Science Fair Project Encyclopedia
The C-135 Stratolifter is a transport aircraft derived from Boeing’s prototype 707 jet airliner in the early 1950s. Since the first one was built in August 1956, the C-135 has been a visible fixture of the U.S. Air Force.
A large majority of the 820 units were developed as KC-135A Stratotankers for mid-air refueling, however, they have also performed numerous transport and special-duty functions. Forty-five base-model aircraft were built as C-135A or C-135B transports with the tanking equipment excluded.
Fifteen C-135As, powered by J57 turbojets, were built. In later years, almost all were upgraded with TF33 turbofan engines and wide-span tail planes, and were re-designated C-135E. Thirty C-135Bs were built with the TF33 turbofans and wide-span tail planes from the start, and a small number remain in service in their original form. The C-135C designation applies to three WC-135B weather reconnaissance aircraft, which reverted to transport status. Most of the other C-135Bs were converted to various special mission variants following their service with the Military Airlift Command .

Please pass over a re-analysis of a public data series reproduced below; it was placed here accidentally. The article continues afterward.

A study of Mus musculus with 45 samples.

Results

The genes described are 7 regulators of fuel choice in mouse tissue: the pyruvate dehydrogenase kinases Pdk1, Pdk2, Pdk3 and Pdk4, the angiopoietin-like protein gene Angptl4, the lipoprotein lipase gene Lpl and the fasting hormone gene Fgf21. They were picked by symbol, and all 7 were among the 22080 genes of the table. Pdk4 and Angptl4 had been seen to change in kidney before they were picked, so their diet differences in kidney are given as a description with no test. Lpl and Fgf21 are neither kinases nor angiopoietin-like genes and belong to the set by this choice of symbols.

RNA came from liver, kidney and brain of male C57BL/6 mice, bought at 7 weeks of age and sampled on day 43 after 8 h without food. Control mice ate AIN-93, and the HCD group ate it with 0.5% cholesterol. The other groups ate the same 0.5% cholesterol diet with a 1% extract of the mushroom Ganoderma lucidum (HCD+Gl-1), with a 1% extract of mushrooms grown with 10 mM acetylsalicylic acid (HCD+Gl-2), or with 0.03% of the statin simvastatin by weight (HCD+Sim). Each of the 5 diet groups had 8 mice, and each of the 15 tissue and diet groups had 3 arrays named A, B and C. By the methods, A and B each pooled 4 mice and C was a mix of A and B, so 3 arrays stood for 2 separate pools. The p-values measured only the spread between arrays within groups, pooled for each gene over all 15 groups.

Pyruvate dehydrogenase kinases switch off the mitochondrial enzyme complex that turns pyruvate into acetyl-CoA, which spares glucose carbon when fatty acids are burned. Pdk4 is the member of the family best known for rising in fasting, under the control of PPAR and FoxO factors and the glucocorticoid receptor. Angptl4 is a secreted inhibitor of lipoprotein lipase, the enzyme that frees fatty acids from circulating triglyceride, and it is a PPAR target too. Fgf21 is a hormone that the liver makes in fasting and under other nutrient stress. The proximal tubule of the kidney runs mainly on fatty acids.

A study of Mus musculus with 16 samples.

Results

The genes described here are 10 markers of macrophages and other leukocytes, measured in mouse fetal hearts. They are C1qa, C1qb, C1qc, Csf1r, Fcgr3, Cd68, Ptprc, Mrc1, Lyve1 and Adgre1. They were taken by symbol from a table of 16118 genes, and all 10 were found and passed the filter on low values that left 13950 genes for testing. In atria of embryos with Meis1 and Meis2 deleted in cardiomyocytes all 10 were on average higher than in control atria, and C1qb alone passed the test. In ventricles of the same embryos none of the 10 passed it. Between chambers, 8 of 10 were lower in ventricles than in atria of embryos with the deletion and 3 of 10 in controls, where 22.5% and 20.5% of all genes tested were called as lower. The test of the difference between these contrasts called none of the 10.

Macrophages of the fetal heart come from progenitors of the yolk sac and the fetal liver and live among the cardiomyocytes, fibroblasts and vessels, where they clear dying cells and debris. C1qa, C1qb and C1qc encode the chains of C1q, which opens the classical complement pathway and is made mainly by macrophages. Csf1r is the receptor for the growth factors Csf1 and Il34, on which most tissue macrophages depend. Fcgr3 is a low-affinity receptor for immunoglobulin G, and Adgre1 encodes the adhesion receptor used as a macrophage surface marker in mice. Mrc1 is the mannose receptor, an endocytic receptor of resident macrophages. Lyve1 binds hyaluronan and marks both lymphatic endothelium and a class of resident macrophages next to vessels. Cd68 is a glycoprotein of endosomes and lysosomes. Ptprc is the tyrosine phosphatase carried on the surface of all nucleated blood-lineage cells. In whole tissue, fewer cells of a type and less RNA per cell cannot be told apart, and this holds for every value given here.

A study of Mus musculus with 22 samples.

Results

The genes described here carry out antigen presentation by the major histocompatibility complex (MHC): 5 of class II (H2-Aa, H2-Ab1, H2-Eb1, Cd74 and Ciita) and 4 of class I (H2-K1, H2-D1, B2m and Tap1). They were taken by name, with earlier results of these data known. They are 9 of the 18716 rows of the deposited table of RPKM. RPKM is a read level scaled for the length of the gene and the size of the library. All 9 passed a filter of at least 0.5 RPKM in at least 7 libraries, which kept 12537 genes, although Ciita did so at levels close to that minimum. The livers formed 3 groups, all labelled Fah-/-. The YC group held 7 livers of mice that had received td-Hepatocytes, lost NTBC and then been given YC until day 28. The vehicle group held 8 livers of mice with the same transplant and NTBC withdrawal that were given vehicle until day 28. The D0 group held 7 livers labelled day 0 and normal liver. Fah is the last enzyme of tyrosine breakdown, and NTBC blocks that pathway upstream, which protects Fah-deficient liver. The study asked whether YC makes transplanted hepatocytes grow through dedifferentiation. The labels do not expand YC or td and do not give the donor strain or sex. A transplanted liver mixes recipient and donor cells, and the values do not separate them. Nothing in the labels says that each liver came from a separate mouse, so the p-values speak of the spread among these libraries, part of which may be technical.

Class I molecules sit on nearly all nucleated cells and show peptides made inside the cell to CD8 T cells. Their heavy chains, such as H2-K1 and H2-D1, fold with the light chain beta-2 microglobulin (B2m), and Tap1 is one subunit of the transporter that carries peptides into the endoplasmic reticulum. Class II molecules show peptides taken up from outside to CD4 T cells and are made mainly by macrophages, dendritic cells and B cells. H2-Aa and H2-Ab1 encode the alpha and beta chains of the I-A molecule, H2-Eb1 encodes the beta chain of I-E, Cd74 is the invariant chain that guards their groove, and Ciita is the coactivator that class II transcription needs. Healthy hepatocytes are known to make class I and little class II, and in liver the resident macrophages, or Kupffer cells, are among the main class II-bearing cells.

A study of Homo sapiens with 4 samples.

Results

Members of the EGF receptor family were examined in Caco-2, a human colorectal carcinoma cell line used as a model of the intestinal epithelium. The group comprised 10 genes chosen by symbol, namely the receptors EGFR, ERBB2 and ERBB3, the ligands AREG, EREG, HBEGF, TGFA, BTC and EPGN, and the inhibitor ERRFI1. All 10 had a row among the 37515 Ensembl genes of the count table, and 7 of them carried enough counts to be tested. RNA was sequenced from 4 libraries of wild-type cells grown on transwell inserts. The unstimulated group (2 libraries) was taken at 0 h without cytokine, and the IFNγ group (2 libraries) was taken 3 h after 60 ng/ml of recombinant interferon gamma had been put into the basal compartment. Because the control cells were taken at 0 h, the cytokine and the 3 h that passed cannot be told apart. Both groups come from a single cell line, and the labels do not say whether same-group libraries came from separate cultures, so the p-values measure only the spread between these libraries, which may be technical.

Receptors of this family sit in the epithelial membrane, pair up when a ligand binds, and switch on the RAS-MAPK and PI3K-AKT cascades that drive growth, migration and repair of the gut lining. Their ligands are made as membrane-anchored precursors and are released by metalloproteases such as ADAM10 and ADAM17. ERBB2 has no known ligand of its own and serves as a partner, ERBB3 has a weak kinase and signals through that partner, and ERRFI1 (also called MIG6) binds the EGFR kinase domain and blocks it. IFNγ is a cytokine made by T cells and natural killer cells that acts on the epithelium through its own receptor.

Although most of the remaining C-135 aircraft are used for transporting senior military leaders and other high-ranking dignitaries, the C-135C communications aircraft serves as an aerial test-bed for emerging technologies. Developmental tests using this aircraft have demonstrated the capability to fly precision approaches using a local area differential GPS system. This modified C-135 has been fitted with a millimeter wave camera and a radome to test the camera’s generation of video images of the forward scene in low-visibility conditions. The aircraft, which in the VIP transport role seats 14 passengers, gives the Joint Forces Air Component commander a limited ability to plan and control the simulated battle while in the air en route to the crisis area.